Emanuel, his wife and kids greeted nearly 1,500 people who came to greet the new mayor Monday afternoon.
With handshakes and hugs, good will and good wishes, the honeymoon has begun. How long it will last, no one knows.
"How do they say it, I'm cautiously optimistic," said Desiree Meekins, South Side resident.
"He can start with a clean slate and keep it that way," said Jaimie Korelitz, River North resident. "No corruption."
Emanuel will be working from a desk once used by former Mayor Anton Cermak who died after taking a bullet intended for FDR. Cermak is credited with founding Chicago's Democratic machine. Emanuel says he will ignore what is left of it.
Inside the desk was a note from the man who occupied the office for the last 22 years. Emanuel says Richard Daley wrote of the strength of the city and the importance of dealing with its citizens honestly.
Earlier in Millennium Park, invited guests filled the seats to watch the inauguration, but the lawn remained largely empty.
"I didn't vote for the man, but we're going to have him for four years so I'm going to wish him good luck and hopefully the city moves onto better times," said David Rodriguez Jr.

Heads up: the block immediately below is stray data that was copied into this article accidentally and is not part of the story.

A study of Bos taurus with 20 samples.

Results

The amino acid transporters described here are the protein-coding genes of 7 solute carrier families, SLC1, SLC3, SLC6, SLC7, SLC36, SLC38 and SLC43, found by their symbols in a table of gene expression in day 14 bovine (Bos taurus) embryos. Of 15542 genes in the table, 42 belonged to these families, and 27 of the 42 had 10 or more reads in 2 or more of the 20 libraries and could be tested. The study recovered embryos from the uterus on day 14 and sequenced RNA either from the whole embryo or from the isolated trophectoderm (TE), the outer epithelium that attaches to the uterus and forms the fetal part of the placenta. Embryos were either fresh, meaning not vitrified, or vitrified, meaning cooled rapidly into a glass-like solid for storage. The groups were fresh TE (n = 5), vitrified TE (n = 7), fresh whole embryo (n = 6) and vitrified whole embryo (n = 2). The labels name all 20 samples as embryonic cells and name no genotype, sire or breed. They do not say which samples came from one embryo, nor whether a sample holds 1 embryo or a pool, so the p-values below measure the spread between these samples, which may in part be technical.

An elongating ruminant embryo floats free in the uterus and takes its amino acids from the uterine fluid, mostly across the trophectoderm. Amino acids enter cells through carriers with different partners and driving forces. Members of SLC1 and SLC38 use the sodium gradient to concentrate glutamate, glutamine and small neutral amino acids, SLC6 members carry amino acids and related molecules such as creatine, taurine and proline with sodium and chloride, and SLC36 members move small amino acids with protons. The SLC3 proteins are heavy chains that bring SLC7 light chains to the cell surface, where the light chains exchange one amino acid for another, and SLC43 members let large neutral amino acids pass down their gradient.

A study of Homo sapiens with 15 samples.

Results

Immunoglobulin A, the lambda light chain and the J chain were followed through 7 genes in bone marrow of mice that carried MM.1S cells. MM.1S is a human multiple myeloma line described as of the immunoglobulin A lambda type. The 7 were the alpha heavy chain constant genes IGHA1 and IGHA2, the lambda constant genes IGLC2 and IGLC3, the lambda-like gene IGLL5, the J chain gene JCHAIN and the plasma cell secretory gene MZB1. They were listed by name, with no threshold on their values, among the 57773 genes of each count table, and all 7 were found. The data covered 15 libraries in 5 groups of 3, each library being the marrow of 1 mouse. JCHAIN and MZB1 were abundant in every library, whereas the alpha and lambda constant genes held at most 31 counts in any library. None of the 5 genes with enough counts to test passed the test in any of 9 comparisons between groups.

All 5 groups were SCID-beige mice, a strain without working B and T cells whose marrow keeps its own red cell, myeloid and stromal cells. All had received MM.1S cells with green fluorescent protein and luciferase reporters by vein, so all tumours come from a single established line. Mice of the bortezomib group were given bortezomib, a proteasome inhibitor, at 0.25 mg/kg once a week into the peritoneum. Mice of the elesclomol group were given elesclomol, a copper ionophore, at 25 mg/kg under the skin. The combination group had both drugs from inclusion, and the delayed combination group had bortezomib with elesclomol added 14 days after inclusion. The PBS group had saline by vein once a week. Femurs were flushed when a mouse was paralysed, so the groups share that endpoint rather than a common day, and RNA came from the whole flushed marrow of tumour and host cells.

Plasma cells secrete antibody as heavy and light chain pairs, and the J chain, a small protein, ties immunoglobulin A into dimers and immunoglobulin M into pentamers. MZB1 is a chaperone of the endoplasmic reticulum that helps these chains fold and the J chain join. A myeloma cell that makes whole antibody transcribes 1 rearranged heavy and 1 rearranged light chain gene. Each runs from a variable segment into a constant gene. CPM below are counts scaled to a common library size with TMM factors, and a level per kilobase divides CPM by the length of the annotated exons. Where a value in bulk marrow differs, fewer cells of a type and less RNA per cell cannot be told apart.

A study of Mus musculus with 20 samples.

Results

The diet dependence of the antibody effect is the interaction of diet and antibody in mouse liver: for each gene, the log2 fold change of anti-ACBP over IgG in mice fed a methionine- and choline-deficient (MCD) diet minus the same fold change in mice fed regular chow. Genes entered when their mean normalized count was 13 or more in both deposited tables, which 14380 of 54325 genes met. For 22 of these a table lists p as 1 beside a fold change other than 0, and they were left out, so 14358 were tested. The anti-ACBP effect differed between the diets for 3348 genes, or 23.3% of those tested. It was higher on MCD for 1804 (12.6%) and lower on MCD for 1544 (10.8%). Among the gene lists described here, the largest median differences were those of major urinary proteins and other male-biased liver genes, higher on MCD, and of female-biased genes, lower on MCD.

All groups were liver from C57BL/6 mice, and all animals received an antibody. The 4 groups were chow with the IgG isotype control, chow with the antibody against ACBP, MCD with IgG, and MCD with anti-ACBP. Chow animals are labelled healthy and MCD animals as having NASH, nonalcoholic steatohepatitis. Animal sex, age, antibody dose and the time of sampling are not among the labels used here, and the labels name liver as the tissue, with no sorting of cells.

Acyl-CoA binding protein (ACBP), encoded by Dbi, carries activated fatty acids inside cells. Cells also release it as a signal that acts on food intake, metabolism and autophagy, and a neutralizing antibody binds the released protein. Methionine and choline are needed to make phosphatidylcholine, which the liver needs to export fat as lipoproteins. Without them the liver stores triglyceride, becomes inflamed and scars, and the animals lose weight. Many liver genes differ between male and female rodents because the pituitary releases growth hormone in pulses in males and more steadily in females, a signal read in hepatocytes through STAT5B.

At City Hall, there's a new name on the door and elsewhere in the city signs of change are everywhere, although it's still tough for some people to get their minds around.
"To wish Mayor D...Mayor Daley, great! Mayor Emanuel all the luck in the world," said Sheryl Dworkin.
At the open house, ABC7 learned Emanuel recently received some good news about his real house. Rahm's renter, the man who refused to leave and fueled the residency challenge during the campaign, is reportedly moving out at the end of next month.